For over 30 years our Conservation Projects have been putting our research results into action, using the participatory action research approach of putting research into real-world action, such as strategies for wildlife management. We are implementing a variety of projects, some of them are listed under the categories of Fauna, Flora, Resource Management.

Our conservation management strategies are dictated by the habitat’s carrying capacity. We work to maintain species numbers at the maximum population size for the habitat’s maximum potential carrying capacity.

We take responsibility for protecting the Chilcotin Ark as an ecologically important area into perpetuity and are actively using Evergreen Land Plans and educating others about their goals:

Fauna Conservation Projects

Flora Conservation Projects

Resource Management

Our goal is to create a working landscape in the Chilcotin Ark, where sustainable land management and resource use in between protected areas is implemented and monitored by all land and resource users like First Nations, farmers, ranchers, guide outfitters, forestry and mining guided by the Evergreen Stewardship Plans.

Every year we fill out wildlife sightings forms, grass assessments, creel reports and white bark pine assessments as well as collecting grizzly hair and mountain goat feces along with guests to the Chilcotin Ark to build up our database and show them how they can get involved in conservation. We empower them to become wilderness stewards, experience a nature connection and invest in their personal development.

The data collected is used to inform us about how actual population numbers relate to the carrying capacity and is used to determine our population management and by local government. Every visitor to the area can access the wildlife sightings form.

Our partner the Stewardship Foundation is promoting sustainable natural resource use and presents the Evergreen Stewardship Plans for the Chilcotin Ark and its sub regions. The following categories reflect the structure and information of the Stewardship Plans according to governmental planning policies. All management directions constructed in the Evergreen Stewardship Plans are made based on government data from one or more of the following sources:

  1. Published policies from government
  2. Government sponsored or supported scientific research
  3. Traditional knowledge from wildlife practitioners
  4. Direction from past Land and Resource Management Plans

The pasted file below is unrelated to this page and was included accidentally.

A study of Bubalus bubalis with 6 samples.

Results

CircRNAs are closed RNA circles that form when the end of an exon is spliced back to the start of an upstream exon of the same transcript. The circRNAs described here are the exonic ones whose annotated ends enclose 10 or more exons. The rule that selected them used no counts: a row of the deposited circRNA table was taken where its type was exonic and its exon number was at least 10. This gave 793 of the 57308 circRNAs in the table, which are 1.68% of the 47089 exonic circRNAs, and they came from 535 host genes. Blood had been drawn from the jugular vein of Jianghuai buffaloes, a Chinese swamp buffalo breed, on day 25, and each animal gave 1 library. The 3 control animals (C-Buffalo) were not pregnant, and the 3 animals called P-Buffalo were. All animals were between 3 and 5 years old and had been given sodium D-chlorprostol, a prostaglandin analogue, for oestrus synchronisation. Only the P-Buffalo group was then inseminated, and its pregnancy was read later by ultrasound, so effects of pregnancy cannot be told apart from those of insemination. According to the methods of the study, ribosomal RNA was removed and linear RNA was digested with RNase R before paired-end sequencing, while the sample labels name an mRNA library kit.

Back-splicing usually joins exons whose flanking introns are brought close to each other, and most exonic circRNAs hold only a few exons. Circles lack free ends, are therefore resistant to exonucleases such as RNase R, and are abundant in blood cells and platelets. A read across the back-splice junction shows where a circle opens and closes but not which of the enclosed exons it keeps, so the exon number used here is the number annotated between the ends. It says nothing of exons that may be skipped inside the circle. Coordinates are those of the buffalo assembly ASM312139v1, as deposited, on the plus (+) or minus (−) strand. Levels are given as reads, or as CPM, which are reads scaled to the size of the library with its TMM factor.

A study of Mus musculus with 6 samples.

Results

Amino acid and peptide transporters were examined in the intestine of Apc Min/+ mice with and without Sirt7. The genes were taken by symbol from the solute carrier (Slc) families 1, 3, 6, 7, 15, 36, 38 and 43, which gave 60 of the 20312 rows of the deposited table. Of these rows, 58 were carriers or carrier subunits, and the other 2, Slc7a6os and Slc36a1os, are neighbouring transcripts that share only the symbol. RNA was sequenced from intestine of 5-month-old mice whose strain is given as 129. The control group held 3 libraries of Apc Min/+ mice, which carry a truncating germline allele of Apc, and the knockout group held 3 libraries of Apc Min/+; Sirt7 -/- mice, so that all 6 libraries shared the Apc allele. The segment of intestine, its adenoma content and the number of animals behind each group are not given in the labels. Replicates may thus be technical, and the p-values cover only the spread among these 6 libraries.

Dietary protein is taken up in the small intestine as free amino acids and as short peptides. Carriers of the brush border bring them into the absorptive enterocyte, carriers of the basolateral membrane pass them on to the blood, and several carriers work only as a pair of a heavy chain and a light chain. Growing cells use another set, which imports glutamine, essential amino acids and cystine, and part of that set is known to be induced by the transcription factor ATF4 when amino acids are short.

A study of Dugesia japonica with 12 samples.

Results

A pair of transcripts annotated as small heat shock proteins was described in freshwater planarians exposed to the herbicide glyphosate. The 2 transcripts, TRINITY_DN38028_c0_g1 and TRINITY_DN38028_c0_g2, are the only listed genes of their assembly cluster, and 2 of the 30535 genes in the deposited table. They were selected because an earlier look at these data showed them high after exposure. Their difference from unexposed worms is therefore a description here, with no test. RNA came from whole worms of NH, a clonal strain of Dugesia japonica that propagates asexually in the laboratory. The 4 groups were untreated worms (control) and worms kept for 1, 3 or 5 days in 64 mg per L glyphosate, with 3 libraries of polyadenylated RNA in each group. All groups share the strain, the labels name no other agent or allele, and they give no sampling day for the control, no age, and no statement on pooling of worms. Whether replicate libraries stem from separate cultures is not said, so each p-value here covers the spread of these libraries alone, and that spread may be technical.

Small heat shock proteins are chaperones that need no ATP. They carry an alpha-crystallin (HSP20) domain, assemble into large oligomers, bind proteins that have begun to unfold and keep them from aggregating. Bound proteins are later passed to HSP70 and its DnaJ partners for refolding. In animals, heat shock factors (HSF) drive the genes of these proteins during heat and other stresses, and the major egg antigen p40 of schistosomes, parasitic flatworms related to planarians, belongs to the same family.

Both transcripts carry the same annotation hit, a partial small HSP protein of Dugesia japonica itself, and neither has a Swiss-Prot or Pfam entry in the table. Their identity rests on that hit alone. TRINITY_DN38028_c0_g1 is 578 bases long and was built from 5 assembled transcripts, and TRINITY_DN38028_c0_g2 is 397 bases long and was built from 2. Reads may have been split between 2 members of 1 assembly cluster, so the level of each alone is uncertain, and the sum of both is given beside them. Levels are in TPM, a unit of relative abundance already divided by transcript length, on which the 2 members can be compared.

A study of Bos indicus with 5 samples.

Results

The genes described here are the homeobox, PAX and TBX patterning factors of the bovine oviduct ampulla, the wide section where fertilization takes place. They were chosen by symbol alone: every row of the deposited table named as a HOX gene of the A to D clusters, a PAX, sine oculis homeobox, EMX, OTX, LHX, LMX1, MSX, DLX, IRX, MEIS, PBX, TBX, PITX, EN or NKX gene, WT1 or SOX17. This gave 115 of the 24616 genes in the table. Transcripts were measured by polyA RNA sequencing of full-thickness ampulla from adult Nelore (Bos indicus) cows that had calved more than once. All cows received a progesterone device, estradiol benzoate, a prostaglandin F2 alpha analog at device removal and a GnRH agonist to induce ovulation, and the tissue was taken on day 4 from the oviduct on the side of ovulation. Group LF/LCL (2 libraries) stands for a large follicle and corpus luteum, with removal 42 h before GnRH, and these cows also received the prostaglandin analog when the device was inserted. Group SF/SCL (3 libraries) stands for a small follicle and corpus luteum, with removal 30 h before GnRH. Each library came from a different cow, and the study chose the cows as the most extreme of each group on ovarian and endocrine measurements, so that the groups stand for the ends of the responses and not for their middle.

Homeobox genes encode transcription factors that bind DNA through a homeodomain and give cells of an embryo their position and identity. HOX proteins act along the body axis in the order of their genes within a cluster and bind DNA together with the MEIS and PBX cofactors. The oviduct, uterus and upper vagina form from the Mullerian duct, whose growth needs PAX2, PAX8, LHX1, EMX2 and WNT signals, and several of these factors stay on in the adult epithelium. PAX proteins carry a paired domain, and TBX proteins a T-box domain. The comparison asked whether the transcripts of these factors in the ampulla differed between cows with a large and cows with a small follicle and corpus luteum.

Chilcotin Ark

The Chilcotin Ark Institute is linked to on the Chilcotin Ark’s own website. The website,, educates people about the virtues of the Chilcotin Ark and why it is important to conserve it. The website includes the top ten virtues of the Ark, all the businesses, conservation organizations, communities and First Nations in the Ark and ways for people to get involved in its conservation.

The work with the Chilcotin Ark is generally focused on educating the public about the area and empowering them to take responsibility. As such, it produces marketing material that the Chilcotin Ark Institute uses to educate the public about the importance of the Ark. The brochure about the Chilcotin Ark’s ten features encourages readers to check out the Chilcotin Ark website to find out more. The two Chilcotin Ark posters, one featuring mountain goats and the other a grizzly sow with four cubs, highlight two of the important species of the area. These posters are available to download .

Conservation signage

The Chilcotin Ark Institute supported local efforts to educate the public about the conservation of the Chilcotin Ark and were happy to see the following signs in the Chilcotin Ark.

The “Chilcotin Ark” sign welcomed people to the area but encouraged them to take responsibility for it. It also links to the Chilcotin Ark website for more information.

The “1500m no fly zone” signs educated helicopter and fixed wing aircraft about the regulations to not fly closer than 1500m to mountain goat habitat to avoid displacing the animals.

The “harvest billies only” signs educated resident hunters about the importance of only harvesting billy goats due to the sensitive nature of mountain goats to female harvest.

“RAPP (Report All Poachers and Polluters)” signs encourage responsible and legal hunting from resident hunters.

“No motorized vehicles in the alpine” signs educate the public about the 1700m motorized vehicle closure on most of the mountains in the Chilcotin Ark and out of wildlife summer range habitat.


#chilcotinark is gaining popularity on social media. Businesses and visitors to the Ark are using this hashtag and sharing set posts from the Chilcotin Ark website on social media. When sharing your adventures in the Chilcotin Ark on social media don’t forget to use #chilcotinark. You can also contribute by posting these set posts.